One of the first casualties of natural and man-made disasters is often the ability to communicate. Local first responders, governments, businesses and utilities are preparing for "the next time."
MCLEAN, Va. — As the damaging winds and thunderstorms of the June 2012 derecho blew through the Washington, D.C. region, the destruction left more than one million people powerless — literally and figuratively.
“People couldn’t call 911 after the derecho,” remembers then-Fairfax County police chief David Rohrer. “Panic set in.”
Rohrer, now the deputy county executive for Fairfax County, says hoping for a quick recovery after a natural or manmade disaster is natural, yet serves little purpose.
“Hope is not a strategy,” says Rohrer, speaking at an AT&T business community forum and network disaster recovery exercise at the Hilton McLean Tysons Corner.
“Disasters do not discriminate, and they do not recognize jurisdictions,” says Kenneth Mallette, executive director of the Maryland Emergency Management Agency.
Mallette, and others at the event, detailed the interdependency among utilities, businesses, public safety agencies, and governments in the wake of catastrophic disasters.
“I’m getting tired of the word ‘resiliency,'” says Mallette, suggesting intensive planning for emergency situations is more important than the ability to spring back in reaction to a crisis.
“We need to get businesses up and running,” says Rohrer, mentioning Home Depot, Lowes and Safeway as stores people would need immediately after a disaster. “I don’t know we do it as well as we need to.”
Preparing for the next time
AT&T holds disaster training several times a year, in different parts of the country, to discuss and demonstrate specialized equipment it deploys, with the jurisdictions desperate to maintain or resume communications.
“It’s absolutely essential,” says Mike Schweder, president of the AT&T Mid- Atlantic Region, of the incident management drills.
Dozens of tractor trailers filled a parking lot across the street from the Hilton in Tysons Corner, to show business owners, government officials, and first responders the detail of AT&T’s preparations.
“When the power goes off, we have wireless towers and locations throughout the area,” says Schweder. “What we need to be able to do to restore those is bring generators, bring secondary power back, prioritize what those locations are and obviously work with local governments to make sure those are up and running.”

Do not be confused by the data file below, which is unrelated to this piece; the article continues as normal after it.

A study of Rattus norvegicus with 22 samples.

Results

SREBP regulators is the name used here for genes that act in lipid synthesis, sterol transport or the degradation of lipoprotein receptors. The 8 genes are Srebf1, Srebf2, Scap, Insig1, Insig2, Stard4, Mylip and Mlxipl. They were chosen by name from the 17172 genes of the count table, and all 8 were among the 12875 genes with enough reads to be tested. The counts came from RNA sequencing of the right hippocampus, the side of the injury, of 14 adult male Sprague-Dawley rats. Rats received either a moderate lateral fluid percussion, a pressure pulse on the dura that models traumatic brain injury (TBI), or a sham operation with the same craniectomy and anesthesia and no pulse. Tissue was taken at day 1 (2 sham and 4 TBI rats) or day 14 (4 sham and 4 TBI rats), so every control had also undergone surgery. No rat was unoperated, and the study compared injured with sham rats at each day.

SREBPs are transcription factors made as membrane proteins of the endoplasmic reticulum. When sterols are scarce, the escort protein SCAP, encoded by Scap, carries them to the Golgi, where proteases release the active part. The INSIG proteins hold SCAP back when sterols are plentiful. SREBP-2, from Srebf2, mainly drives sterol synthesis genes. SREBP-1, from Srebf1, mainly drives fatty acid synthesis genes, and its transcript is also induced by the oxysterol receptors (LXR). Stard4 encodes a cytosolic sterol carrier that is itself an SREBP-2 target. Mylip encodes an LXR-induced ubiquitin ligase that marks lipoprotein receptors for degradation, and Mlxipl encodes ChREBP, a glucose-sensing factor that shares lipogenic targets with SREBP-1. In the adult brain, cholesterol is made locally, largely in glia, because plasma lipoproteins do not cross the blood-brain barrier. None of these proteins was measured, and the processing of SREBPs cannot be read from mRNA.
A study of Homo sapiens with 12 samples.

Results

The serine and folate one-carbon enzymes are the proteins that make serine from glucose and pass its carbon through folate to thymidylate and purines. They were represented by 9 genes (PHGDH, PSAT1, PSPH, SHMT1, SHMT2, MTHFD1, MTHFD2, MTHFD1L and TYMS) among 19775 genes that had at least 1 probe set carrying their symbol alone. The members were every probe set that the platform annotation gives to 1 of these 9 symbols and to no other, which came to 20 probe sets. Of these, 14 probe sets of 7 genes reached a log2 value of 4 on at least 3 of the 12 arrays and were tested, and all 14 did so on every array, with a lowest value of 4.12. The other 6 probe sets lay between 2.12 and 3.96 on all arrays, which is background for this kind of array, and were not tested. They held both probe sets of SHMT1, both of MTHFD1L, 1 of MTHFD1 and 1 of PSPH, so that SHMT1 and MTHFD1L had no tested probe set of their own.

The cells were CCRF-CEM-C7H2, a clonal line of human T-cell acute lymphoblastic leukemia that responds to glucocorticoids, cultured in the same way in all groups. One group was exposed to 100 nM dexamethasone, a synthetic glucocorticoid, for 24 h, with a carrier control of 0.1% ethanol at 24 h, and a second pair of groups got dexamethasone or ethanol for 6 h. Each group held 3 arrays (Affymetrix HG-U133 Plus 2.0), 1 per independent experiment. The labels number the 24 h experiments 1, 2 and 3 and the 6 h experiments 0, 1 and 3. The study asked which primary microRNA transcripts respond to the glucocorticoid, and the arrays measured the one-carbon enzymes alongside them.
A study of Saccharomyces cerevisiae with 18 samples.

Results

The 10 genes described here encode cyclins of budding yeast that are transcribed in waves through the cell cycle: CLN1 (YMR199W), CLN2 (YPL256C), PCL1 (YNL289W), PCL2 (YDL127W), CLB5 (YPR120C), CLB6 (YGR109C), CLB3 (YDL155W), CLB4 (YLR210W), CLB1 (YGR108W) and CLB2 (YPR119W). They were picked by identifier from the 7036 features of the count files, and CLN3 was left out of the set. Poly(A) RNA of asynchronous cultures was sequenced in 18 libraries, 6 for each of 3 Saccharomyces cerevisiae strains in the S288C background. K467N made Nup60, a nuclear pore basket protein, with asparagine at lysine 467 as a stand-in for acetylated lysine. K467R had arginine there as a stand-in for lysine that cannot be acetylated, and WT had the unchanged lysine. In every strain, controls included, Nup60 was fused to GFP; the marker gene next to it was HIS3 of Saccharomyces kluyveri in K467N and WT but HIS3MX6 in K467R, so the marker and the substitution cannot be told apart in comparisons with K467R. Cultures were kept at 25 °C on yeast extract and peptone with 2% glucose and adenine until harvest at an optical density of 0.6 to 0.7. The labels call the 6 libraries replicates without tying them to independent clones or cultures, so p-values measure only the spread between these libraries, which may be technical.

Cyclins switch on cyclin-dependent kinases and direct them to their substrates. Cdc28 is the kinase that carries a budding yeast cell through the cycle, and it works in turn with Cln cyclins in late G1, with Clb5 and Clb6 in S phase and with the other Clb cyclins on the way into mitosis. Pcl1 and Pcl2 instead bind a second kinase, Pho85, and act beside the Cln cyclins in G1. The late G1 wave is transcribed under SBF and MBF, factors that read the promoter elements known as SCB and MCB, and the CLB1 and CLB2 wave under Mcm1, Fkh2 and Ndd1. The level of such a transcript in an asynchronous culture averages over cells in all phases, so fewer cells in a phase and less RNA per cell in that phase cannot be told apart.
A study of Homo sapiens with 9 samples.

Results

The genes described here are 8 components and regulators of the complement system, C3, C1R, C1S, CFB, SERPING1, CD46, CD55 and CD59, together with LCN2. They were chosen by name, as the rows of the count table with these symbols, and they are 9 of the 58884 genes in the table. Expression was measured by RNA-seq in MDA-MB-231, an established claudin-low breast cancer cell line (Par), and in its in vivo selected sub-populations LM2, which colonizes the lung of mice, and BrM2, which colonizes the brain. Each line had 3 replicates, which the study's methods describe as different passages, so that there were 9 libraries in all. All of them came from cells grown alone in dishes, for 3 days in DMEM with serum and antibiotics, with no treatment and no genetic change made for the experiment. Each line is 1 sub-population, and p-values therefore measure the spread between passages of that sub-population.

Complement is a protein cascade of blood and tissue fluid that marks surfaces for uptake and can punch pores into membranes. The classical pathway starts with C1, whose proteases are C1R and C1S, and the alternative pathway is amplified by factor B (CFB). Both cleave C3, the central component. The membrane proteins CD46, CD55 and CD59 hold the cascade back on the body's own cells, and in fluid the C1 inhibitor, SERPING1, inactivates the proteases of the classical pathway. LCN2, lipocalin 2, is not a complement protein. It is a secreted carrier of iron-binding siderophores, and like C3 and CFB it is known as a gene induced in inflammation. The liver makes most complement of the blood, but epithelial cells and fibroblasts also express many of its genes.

In addition to coordinating with other utilities, AT&T typically coordinates with other phone providers during disasters.
Half-dressed in a yellow HAZMAT suit, Kelly Morrison, senior technical manager for network disaster recovery, says that if an entire network office were destroyed, the specially-equipped trailers would be brought in.
“What’s inside these trailers is the same thing that we’d have in a regular brick -and-mortar building,” says Morrison.
While the trailers would not be brought into the “hot zone” of a HAZMAT situation, they are outfitted with HVAC and other features to allow for an immediate disaster response.
“It’s prepared to assume the services of a failed office very, very rapidly, so we don’t have to look for an empty building,” says Morrison.
Helping first responders during disasters
In non-emergency situations, such as the Super Bowl or presidential inaugurations, AT&T brings in portable wireless towers ahead of time to deal with increased demand.
In those cases, the towers connect to the network through Ethernet or fiber.
The company doesn’t often doesn’t have that luxury during a disaster.
“We bring in our Satellite COLT,” says Morrison, referring to the Cell on Light Truck, which resembles a television news vehicle.
“We connect back to the network through satellite, so we can set up far away from where there’s a normal network,” says Morrison.
Crews are brought into remote locations, including those where wild fires raged in California and Colorado.
“Where there isn’t normal cellular coverage, and we can light it up with the footprint of coverage for those first responders,” says Morrison.
Coordination in the National Capital Region is especially challenging, says Schweder.
“You have so many political subdivisions, with two states right on top of each other, and the District. Our network doesn’t stop at political boundaries and needs to be coordinated across those.”